US Secretary of State John Kerry canceled plans to fly to Boston for a ceremony in honor of his friend former US senator an Edward Kennedy as talks on Iran’s nuclear program intensified in Switzerland, with two days left to a deadline.
Kerry’s spokeswoman yesterday said he regretted missing the dedication ceremony for an institute named after Kennedy, who was a mentor to him.
Officials close to the talks said the French and German foreign ministers, Laurent Fabius and Frank-Walter Steinmeier, were considering delaying a planned joint trip to Kazakhstan in order to focus on clearing the remaining hurdles to a deal.
Iran denies charges from the West and Israel that it wants to build a nuclear weapon, and says its program is purely peaceful.
The six world powers negotiating with it are seeking a halt to its most sensitive nuclear work.
Kerry and Iranian Foreign Minister Mohammad Javad Zarif have been in Lausanne for days to try to reach a preliminary deal by a self-imposed deadline of tomorrow. They held several rounds of talks on Saturday and met again yesterday morning.
Fabius and Steinmeier joined the talks on Saturday, and their counterparts from China, Britain and Russia were to take part later yesterday.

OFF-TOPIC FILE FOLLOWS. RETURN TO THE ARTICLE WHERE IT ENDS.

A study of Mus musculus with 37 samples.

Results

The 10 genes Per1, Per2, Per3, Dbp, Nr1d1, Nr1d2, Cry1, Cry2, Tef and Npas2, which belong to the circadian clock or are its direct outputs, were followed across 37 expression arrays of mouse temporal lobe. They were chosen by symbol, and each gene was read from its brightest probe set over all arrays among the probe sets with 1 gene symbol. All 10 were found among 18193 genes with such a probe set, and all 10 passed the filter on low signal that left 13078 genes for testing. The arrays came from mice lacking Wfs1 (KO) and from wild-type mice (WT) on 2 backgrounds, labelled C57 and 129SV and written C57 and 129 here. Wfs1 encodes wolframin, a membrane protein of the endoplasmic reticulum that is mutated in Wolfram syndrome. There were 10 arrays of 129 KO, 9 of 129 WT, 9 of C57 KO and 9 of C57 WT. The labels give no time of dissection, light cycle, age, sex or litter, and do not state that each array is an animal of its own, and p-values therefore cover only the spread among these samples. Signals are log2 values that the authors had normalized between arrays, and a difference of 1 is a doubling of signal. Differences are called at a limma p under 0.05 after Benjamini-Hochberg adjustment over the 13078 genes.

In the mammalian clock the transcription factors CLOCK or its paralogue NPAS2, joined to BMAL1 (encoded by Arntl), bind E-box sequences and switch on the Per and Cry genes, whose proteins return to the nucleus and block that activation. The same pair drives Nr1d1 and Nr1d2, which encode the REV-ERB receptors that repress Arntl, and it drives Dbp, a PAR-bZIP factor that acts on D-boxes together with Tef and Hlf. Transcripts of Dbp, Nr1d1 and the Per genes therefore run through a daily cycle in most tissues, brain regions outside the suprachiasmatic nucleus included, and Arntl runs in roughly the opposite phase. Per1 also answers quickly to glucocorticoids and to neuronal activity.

Close as the sides have come to the outline of an agreement, they still have deep disagreements on Iran’s demands for uranium enrichment research and the immediate removal of all UN and key US and EU sanctions. Those disagreements could wreck a deal, officials say.
Zarif says the six powers are the ones who must compromise.
“In negotiations, both sides must show flexibility,” Zarif said on Twitter. “We have, and are ready to make a good deal for all. We await our counterparts’ readiness.”
Western officials close to the talks said it was up to Iran to compromise on the remaining sticking points.
“The serious, but difficult work continues,” a senior US Department of State official said. “We expect the pace to intensify as we assess if an understanding is possible.”
A key point in the framework accord the sides are trying to agree upon by tomorrow is expected to be the duration of the agreement, which officials from the six-power group said would have to be in place for more than 10 years.
Meanwhile, Israel has kept up its public campaign against a possible nuclear deal with Tehran.
“This deal, as it appears to be emerging, bears out all of our fears, and even more than that,” Israeli Prime Minister Benjamin Netanyahu told his Cabinet in Jerusalem yesterday.
Netanyahu accused the Islamic republic of trying to “conquer the entire Middle East” while moving toward nuclearization.
“The Iran-Lausanne-Yemen axis is very dangerous to humanity, and must be stopped,” he said.